25 Jan Looking After Your New Carpet
If you have bought the carpet of your dreams, you need to know how to take care of it. Read on for all the top tips.
There is more to carpet care than you might think. From the initial laying to the ongoing maintenance, carpets can last for years if you treat them right. Unfortunately, too many of us buy the carpet, have it fitted, and forget about the rest.
The Dangers of a Dirty Carpet
Part of carpet ownership as a householder is to invest in a good vacuum cleaner that you use at least twice a week. If you don’t do this, germs, bacteria, mould and even carpet mites can thrive on your floors. A dirty carpet lowers the air quality in the room. Those germs and bugs will transfer to any other surface of the house if you touch your carpet without washing your hands. Not taking proper care of your carpet turns your home into a biological breeding ground that could see you sick.
How to Look After Your New Carpet?
For the first few vacuums, your carpet will shed. The materials used to make carpets do not secure every fibre to the matting. When you vacuum for the first two or three times, you remove those excess fibres. We call this shedding. If you vacuum a few times a week, this will quickly go away.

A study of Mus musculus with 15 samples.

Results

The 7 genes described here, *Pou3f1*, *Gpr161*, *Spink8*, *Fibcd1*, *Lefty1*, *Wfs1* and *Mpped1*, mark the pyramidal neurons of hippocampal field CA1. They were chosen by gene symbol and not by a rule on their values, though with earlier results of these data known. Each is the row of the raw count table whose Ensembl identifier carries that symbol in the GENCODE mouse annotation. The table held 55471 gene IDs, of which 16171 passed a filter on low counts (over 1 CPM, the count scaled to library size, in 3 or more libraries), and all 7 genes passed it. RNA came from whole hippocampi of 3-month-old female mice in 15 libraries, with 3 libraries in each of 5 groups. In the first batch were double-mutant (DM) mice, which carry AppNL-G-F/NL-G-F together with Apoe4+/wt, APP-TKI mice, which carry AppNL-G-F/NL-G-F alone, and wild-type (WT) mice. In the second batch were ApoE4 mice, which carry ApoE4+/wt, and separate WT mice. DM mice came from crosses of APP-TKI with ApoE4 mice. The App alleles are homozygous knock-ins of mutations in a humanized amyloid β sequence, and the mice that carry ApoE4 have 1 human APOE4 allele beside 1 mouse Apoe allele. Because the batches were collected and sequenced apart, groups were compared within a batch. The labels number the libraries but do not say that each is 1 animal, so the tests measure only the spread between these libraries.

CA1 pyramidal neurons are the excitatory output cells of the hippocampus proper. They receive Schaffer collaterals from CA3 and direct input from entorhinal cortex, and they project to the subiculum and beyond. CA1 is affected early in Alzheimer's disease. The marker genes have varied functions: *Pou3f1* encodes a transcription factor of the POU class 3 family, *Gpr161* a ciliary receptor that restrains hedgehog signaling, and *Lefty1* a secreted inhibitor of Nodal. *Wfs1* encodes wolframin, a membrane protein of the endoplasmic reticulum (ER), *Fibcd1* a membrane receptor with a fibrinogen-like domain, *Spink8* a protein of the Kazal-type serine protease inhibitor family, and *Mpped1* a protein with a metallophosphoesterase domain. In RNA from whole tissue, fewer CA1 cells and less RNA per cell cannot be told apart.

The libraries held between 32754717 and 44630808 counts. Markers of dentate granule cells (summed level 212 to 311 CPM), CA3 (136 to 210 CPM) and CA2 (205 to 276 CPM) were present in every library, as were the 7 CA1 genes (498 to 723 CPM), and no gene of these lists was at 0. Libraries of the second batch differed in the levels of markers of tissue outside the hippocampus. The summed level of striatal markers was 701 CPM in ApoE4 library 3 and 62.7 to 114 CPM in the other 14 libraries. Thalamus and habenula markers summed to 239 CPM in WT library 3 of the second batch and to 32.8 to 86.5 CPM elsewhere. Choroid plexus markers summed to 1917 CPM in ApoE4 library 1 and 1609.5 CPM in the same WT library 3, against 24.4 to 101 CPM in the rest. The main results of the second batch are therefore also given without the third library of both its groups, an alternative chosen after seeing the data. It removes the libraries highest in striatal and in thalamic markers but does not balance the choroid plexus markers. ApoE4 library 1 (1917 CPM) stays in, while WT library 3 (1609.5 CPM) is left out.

Warranties and Guarantees
If you can, buy your carpet from a firm which offers warranties and guarantees on the product. You can protect high traffic areas using rugs, but extra cover against stains can help. Be sure your carpet fitter passes the correct documents to you when they instal your new carpet. Here at Manningtree Tiles and Flooring, we even offer a free measuring service to help your new carpet fitting process to go as smoothly as possible.
Off-Gassing in your New Carpet
Any new furniture/homeware product that has been produced in a factory will off-gas for the first few days. The off-gassing scent is completely harmless, it is simply the smell of ‘elsewhere.’ The scent should be gone within four days.
Cleaning Your New Carpet with Allergies
If you are particularly concerned about allergies, you can try to find a hypo-allergenic carpet that won’t off-gas, or whose off-gassing you know is chemical-free. Allergy sufferers can speed up the release of fine fibres through shedding by vacuuming their new carpet more often than they regularly would in that first week. You might want to think about buying a hypoallergenic vacuum cleaner, too.
What Type of Vacuum Cleaner Should I Use?
If your carpet is a loop pile carpet, it is thicker than others. You can clean them with a pull-along vacuum cleaner, whereas the shorter piled carpets tend to perform better using an upright vacuum cleaner. The thicker the pile is, the harder the machine must work to run across it. Too thick, and an upright vacuum struggles to keep up.
What if I Need to Clean My Carpet?
If your new carpet suffers a spill, spot clean it immediately with a damp cloth. For ingrained stains, consider a steam cleaner or a carpet-friendly stain remover. You should clean your carpets with a carpet cleaner every few months.